Only recently recognised as a national park, Bwabwata was established to rehabilitate local wildlife populations. Prior to the 2002 Angolan ceasefire, this area saw almost no visitors, and wildlife populations had been virtually wiped out by rampant poaching instigated by ongoing conflict. But the wildlife is making a slow but spectacular comeback. If you come here expecting Etosha, you’ll be disappointed. But you might very well see lions, elephants, African wild dogs, perhaps even the sable antelope and some fabulous birdlife.
Bwabwata includes a number of zones: the Divundu area, the West Caprivi Triangle, the Mahango Game Reserve, Popa Falls, former West Caprivi Game Reserve and the Kwando Core Area. The Mahango Game Reserve presently has the largest concentrations of wildlife, while the Kwando Core Area is where the repopulation of carnivores is really taking off.
Divundu, with two (nominally) 24-hour petrol stations and a relatively well stocked supermarket, is merely a product of the road junction. The real population centres are the neighbouring villages of Mukwe, Andara and Bagani. Divundu is marked as Bagani on some maps and road signs, though technically they’re separate places about 2km apart.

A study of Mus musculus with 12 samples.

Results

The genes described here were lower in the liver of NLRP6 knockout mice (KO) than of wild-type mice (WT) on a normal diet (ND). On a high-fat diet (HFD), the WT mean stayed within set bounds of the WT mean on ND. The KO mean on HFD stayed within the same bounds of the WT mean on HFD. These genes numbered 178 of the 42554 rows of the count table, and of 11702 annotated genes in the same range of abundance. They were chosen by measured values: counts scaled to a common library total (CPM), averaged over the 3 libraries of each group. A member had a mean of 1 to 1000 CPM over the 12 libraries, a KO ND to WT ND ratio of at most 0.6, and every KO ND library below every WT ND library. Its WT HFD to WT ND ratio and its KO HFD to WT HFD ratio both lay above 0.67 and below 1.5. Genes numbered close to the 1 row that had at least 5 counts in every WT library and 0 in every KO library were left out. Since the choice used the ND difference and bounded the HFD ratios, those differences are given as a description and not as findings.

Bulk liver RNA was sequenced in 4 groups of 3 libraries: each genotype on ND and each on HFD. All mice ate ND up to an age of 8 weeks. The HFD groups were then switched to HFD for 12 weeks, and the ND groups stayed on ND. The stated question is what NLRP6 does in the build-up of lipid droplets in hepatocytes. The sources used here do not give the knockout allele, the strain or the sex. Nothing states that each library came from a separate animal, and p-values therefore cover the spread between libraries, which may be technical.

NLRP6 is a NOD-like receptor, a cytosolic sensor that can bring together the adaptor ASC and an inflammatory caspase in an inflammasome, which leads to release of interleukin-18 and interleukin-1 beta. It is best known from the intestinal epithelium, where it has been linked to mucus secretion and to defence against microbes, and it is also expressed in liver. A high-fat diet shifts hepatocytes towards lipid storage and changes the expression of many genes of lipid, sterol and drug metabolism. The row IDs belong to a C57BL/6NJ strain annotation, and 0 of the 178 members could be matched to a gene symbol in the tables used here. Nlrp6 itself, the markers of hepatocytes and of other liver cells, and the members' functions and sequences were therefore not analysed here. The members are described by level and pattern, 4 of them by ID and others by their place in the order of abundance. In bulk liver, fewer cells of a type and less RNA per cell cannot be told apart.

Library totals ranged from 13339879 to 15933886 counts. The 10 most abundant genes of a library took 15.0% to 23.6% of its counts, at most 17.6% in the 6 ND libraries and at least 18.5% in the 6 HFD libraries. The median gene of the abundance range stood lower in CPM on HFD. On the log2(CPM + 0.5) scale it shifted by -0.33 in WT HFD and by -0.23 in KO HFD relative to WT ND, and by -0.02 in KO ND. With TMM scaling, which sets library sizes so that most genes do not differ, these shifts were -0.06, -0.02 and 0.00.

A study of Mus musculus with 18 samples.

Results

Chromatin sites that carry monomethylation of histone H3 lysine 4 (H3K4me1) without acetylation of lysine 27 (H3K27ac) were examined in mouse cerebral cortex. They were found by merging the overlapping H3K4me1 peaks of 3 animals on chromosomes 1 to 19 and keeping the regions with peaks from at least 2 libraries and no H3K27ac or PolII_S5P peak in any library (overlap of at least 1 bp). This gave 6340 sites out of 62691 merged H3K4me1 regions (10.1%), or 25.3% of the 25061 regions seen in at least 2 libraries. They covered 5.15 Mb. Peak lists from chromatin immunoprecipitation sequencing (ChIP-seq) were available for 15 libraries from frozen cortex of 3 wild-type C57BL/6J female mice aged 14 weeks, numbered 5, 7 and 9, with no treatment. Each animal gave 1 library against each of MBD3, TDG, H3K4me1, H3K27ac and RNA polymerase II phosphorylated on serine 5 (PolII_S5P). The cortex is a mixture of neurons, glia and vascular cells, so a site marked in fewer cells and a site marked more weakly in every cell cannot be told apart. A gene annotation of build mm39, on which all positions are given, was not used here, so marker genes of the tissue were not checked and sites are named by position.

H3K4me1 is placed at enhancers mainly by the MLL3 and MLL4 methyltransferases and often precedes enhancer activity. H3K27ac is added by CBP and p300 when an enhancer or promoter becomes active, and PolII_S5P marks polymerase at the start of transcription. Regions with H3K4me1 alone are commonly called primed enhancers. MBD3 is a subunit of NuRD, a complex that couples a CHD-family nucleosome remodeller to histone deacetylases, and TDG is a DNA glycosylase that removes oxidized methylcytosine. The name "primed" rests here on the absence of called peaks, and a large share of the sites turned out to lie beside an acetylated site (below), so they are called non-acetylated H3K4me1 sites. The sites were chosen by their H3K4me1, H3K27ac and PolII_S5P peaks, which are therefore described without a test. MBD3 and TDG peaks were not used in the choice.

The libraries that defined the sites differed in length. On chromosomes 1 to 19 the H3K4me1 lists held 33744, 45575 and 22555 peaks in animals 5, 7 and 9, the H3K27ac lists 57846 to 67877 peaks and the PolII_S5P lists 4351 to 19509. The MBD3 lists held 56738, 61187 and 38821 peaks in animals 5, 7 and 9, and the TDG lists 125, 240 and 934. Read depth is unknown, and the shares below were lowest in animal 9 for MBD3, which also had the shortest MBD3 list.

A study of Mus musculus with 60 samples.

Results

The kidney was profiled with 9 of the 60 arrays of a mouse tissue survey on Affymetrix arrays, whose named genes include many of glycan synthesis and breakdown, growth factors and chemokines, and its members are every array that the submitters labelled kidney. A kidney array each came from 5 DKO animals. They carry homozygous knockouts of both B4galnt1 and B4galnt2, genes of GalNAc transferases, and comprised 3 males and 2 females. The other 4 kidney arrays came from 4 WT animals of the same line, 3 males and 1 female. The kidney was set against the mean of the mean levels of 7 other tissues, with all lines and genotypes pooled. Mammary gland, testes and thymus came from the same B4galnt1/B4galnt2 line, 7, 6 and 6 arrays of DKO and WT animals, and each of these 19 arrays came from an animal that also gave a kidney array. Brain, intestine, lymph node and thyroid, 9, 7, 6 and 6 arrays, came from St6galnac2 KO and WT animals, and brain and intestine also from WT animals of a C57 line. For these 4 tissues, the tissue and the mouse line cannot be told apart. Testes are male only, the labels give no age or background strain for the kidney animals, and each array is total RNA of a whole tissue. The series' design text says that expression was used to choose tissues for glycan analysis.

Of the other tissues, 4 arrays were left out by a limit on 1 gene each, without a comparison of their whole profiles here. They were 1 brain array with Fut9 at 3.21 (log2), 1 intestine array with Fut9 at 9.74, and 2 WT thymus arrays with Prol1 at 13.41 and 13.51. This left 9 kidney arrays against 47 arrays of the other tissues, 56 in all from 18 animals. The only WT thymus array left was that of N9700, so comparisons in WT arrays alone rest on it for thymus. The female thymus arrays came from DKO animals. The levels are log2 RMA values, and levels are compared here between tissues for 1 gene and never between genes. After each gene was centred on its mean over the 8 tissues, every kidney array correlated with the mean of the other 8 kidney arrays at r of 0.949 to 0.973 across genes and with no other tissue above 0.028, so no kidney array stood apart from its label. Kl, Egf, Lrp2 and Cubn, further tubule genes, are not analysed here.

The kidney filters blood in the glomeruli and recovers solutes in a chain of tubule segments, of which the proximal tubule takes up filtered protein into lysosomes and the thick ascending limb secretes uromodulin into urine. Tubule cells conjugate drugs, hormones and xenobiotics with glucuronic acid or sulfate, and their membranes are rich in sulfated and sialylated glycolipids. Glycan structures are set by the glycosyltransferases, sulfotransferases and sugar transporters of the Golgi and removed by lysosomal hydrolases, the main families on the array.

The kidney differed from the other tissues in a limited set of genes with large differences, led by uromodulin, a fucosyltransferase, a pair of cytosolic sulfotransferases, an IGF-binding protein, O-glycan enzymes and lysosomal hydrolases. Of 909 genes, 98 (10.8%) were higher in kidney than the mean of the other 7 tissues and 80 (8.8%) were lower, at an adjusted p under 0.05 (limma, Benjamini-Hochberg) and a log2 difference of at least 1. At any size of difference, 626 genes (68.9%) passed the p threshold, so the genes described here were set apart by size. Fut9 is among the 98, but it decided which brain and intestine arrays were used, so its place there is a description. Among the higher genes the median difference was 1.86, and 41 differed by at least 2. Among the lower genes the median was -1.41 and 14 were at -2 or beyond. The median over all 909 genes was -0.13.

The West Caprivi Triangle, the wedge bounded by Angola to the north, Botswana to the south and the Kwando River to the east, was formerly the richest wildlife area in the Caprivi. Poaching, bush clearing, burning and human settlement have greatly reduced wildlife, though you can still access the area via the road along the western bank of the Kwando River near Kongola.
Finally, the Golden Hwy between Rundu and Katima Mulilo traverses the former West Caprivi Game Reserve. Although this was once a haven for large herds of elephants, it served as a pantry for local hunters and poachers for decades, and was for too long largely devoid of wildlife. But this zone is becoming an important corridor for wildlife from northern Botswana and the Caprivi Strip and the hitherto-threatened wildlife of southeastern Angola.